Institutional Collaborations for Plant Conservation

Institutional Collaborations for Plant Conservation


Botanic Gardens Conservation International (BGCI): In 2008, the Arnold Arboretum renewed its membership with BGCI, an organization that connects and coordinates garden-based conservation efforts internationally. In addition to working with the North American Botanic Garden Strategy for Plant Conservation, an initiative of the new BGCI North American office, the Arboretum has contributed a large amount of data to BGCI’s Plant Search database to extend its collections information to researchers and gardens all over the world.

The Center for Plant Conservation (CPC): Originating at the Arnold Arboretum in 1984, CPC is a national coordinating organization now stationed at the Missouri Botanical Garden that works “to conserve and restore the rare native plants of the United States.” The Arnold Arboretum holds nine of the CPC National Collection’s threatened species, serving as a custodian of the germplasm so that it can be used as a resource for restoration and research.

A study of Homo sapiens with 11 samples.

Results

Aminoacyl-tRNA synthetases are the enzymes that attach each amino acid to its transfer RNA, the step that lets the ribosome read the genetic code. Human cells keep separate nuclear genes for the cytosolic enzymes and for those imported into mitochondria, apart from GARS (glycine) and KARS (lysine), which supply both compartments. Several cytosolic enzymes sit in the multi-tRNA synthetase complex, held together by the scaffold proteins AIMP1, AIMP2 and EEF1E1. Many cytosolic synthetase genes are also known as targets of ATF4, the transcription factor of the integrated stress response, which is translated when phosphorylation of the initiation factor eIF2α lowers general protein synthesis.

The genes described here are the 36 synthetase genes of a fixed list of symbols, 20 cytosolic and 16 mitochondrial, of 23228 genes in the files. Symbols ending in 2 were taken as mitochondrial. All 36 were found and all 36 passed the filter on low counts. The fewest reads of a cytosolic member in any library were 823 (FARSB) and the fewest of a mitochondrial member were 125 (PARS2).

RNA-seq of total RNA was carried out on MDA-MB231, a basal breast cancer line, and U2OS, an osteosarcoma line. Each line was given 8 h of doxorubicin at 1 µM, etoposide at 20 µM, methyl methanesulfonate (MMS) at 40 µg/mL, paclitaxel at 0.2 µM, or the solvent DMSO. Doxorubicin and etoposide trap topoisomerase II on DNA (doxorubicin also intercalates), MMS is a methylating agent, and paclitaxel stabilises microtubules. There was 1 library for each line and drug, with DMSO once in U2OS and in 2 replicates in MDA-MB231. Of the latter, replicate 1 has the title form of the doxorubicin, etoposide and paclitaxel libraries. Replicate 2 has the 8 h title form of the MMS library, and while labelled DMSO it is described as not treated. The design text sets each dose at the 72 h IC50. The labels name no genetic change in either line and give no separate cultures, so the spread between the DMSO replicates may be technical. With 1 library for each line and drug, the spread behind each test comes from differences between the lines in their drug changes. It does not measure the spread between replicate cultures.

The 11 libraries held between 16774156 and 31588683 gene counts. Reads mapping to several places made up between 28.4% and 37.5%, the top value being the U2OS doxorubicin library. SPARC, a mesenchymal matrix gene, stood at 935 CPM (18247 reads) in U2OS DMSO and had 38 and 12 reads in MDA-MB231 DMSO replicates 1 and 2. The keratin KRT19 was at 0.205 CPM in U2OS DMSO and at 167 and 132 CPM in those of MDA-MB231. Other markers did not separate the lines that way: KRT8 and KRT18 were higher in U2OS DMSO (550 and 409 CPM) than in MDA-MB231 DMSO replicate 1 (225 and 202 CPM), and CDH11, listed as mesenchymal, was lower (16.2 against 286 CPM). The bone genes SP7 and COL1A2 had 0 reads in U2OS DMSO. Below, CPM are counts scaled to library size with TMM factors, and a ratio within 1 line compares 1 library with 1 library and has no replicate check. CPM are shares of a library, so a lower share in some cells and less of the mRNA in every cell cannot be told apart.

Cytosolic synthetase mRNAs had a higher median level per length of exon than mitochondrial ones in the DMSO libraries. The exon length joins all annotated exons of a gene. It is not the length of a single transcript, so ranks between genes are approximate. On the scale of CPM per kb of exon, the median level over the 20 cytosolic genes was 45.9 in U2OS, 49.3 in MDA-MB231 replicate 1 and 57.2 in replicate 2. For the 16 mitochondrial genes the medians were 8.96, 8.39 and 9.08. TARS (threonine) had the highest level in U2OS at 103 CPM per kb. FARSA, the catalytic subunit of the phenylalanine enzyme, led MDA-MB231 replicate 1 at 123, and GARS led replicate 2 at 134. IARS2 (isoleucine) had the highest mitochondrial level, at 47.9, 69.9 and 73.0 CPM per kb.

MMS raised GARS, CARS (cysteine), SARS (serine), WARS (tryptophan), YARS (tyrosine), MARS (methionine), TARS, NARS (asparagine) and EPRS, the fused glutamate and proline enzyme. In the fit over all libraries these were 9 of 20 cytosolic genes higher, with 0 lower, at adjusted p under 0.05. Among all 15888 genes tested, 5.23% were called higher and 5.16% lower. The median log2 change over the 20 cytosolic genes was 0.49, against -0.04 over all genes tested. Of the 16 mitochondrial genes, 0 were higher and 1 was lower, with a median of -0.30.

The American Public Gardens Association (APGA): APGA is a national organization that coordinates the Plant Collections Network (PCN); formerly North American Plant Collections Consortium (NAPCC) to facilitate the exchange of information and germplasm for research and to improve the depth and breadth of plant collections in North American gardens. The Arnold Arboretum currently holds Acer, Carya, Fagus, Forsythia, Ginkgo, Stewartia, Syringa, and Tsuga as accredited PCN Collections. These collections supply germplasm from a broad range of species and are an important analysis tool for ex situ conservation efforts.

For information on how to get involved with conservation projects in your Massachusetts community, visit MassWildlife online.